Tuesday, March 5, 2013

What digital metrics don't say about brands

There have been a lot of discussions around sentiment analysis and metrics about brands on the internet. To address this area, there are a lot of companies that have designed software that help brands figure out sentiment and other related things in real time.

With fancy interfaces that look no less like a NASA control panel, these packages aggregate what people are talking in real time, process it and make sense out of it.

All this enables brands to figure out their online sentiment and the profile of engaged netizens. What it does not tell brands is the culture. The big problem with a sentiment metric is that it takes the social out of social media.

Social Media for a major part is about conversations. It's not about people talking in silos without any interaction. Conversations on the web form subcultures around brand and other consumption activities. These cultures cannot be understood by bots or information processing programs. You need people to understand them.

To make effective use of social media, you need to understand the subculture. That will help brands know why the sentiment is positive or negative. More than why, it will also give information about the context and evolution of interactions around the brand.

The narratives around the brand don't always stay constant. The web like life unfolds like an on-going narrative. These narrative change because of people and this change is again that can only be interpreted by connecting the dots, that are subjective in nature.

Dr. Kozinets and Dr. Handelman in a paper published in 2004 looked at anti-consumption from the lens of new social movements. They studies movements among anti‐advertising, anti‐Nike, and anti‐GE food activists. They fond collective identity of activists indulging in anti-Nike/GE/advertising activities was linked to an evangelical identity related to U.S. activism’s religious roots. Their findings explained the value of spiritual and religious identities in gaining commitment and highlighted movements that seek to transform the ideology and culture of consumerism.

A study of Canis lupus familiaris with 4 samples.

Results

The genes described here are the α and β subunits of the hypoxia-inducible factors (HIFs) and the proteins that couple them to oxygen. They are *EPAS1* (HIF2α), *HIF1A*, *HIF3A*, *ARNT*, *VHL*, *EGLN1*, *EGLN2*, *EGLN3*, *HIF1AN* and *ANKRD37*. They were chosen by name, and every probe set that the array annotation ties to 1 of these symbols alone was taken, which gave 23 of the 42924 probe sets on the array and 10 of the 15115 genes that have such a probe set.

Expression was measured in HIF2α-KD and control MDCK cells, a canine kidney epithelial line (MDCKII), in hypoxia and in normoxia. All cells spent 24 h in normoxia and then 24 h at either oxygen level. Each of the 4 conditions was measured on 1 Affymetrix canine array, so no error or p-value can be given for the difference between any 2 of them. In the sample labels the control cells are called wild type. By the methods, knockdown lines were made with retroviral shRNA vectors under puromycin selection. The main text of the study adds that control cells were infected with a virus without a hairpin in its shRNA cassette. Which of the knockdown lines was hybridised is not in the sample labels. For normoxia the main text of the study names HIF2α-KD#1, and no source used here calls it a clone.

While the above research was published as a theoretical paper, its methodology speaks volumes about what can be done. A Nike or GE looking at their social media sentiment could have never possible uncovered such a phenomena. They would have simply seen a negative sentiment.

Another aspect is context. A person keen on healthy foods is not really going to speak volumes about a wafer/cola brand. The relevance of netizens speaking about your brand is a major issue that I've seen has not been addressed by social media sentiment packages.

This again highlights the importance of cultures. A common theme or homophily forms many online subcultures. Internet and social media acts as glue in bringing people with similar tastes together. It is important to move beyond metrics to cultures that exist around brands on the internet.

Do you agree with this? Share your thoughts below.